State Senate passes bill revamping Basic Health

The Olympian


OLYMPIA, WA-- The state Senate passed a bill Friday to make the Basic Health Plan even more basic.
Basic Health provides subsidized health care coverage to about 125,000 poor people who can't afford health insurance on the private market. The program cost the state about $240 million last year.

With the state facing a massive budget crisis and health care costs increasing rapidly, Gov. Gary Locke has proposed cutting about 60,000 childless adults from the Basic Health Plan to save money.

How they voted

The Senate approved a measure to revamp the Basic Health Plan on a 33-16 vote Friday. Voting yes were 25 Republicans and 8 Democrats. Voting no were 16 Democrats.

- Voting yes: Dan Swecker, R-Rochester; James Hargrove, D-Hoquiam; Tim Sheldon, D-Potlatch.

- Voting no: Karen Fraser, D-Olympia.

Hoping to avoid such wholesale cuts, Rep. Linda Evans Parlette, R-Wenatchee, introduced a bill that dramatically

revamps the way Basic Health works. Senate Bill 5807 would reduce eligibility and benefits, and ask people to pay more in premiums and co-payments.

It passed 33-16, and now goes to the state House, where lawmakers have also been working on ways to revamp Basic Health.

"We have to do something," Parlette told the Senate on Friday. "It seems more compassionate to insure the neediest and make that be a priority."

Parlette's bill would reduce the income limit for Basic Health from 250 percent of the federal poverty level to 200 percent, and it could go even lower if the Legislature decides that's necessary to balance the budget. For a family of four, the federal poverty level is $18,400; 250 percent of that is $46,000, and 200 percent of the poverty level is $36,800.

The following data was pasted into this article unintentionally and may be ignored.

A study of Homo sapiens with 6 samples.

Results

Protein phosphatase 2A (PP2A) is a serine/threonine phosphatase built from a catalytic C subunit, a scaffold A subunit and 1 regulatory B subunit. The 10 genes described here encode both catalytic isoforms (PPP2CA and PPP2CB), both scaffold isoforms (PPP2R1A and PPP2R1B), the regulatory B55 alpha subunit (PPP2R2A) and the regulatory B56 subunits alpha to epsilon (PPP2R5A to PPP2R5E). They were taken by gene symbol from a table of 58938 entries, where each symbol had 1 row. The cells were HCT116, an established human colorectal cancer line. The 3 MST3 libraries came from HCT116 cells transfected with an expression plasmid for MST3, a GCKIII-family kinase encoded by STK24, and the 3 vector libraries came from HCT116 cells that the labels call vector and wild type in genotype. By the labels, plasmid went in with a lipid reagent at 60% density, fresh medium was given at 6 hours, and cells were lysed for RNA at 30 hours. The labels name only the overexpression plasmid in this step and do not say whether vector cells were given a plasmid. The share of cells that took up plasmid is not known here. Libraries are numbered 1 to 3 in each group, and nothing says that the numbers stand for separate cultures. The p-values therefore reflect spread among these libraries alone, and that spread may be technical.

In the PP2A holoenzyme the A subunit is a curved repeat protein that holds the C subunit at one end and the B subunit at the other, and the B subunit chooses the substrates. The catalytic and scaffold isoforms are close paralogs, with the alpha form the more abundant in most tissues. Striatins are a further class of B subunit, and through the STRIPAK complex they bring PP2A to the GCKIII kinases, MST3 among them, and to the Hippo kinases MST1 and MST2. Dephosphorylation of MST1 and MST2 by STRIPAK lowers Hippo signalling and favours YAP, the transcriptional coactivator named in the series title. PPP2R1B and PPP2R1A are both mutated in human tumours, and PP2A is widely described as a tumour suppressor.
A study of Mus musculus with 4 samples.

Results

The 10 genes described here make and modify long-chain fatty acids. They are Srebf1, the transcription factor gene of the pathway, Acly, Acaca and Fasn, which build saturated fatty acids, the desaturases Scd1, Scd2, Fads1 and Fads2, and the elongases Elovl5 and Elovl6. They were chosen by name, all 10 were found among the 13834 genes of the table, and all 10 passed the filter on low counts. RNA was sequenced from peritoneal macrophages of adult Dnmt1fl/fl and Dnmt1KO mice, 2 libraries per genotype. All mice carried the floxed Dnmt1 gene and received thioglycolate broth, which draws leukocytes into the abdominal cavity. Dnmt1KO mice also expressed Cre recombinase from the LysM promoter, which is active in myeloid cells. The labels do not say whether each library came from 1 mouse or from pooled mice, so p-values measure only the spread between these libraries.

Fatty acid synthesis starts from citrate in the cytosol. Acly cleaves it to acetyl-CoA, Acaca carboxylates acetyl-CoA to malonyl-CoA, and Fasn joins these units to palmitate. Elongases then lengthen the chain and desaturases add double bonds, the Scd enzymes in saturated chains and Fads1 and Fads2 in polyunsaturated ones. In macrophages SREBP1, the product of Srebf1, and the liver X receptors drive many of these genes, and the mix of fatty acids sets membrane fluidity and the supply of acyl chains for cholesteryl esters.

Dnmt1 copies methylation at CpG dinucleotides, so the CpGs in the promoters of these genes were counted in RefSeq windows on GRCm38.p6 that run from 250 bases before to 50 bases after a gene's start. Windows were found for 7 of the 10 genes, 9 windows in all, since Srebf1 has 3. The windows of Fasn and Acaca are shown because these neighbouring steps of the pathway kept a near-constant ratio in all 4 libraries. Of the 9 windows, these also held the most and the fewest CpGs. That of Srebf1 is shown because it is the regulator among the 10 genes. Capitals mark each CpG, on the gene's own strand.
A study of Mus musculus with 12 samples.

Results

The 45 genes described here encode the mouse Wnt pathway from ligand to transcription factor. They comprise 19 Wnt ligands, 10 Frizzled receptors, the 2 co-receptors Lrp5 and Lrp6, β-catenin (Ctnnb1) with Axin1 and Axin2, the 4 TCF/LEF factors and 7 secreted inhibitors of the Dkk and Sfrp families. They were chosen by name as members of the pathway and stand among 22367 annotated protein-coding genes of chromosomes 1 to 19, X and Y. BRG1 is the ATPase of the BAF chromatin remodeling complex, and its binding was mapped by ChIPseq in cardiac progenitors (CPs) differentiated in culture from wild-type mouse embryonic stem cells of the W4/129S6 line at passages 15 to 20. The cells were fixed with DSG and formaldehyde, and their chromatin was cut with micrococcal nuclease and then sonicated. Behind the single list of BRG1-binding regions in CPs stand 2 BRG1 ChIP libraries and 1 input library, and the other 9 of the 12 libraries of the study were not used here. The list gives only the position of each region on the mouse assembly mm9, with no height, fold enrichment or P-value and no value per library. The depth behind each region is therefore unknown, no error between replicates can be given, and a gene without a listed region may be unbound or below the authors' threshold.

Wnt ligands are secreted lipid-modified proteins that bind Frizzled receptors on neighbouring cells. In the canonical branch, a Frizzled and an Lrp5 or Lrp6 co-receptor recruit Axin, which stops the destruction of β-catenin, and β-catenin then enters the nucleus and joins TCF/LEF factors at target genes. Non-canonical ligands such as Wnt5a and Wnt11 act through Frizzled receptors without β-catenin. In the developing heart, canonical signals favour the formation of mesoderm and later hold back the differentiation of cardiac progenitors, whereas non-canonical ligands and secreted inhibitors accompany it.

Parlette said that everyone she talked to agreed that limiting enrollment by income level was a better idea than knocking all childless adults off the program.

Her bill also would allow the Legislature to set premiums, co-payments and deductibles during the budget process. People on Basic Health would still be able to get preventative care without having to pay.

It's not clear how many people would be able to stay on the Basic Health Plan under Parlette's bill. The biggest change it makes is giving legislative budget writers much more say over the enrollment, premiums and benefits.

"We have to face the music and live within our means," Parlette said.

Some legislators feared the bill left too many health policy decisions in the hands of bean counters and budget writers.

"These are the working poor," said Sen. Pat Thibaudeau, D-Seattle, who voted against the bill. "I believe maintaining enrollment in the Basic Health Plan is critical to the working poor of our state."

Sen. Darlene Fairley, D-Lake Forest Park, said that people who lose their Basic Health coverage will end up uninsured, clogging the state's hospital emergency rooms because they don't have anywhere else to go for health care.

Parlette's bill would also limit new Basic Health enrollment to U.S. citizens or legal residents. That would be a blow to many immigrants in Washington who are currently eligible. In last year's budget, the state kicked 30,000 immigrants, some of them illegal, off Medicaid to save money, but promised those families they could move to the Basic Health Plan. As of last October, only 39 percent of those immigrants had signed up for Basic Health.

Parlette said the state has to prioritize. "It comes down to, do you think it's right to remove a citizen over someone who's not a citizen?" Parlette said. "There are other safety nets out there."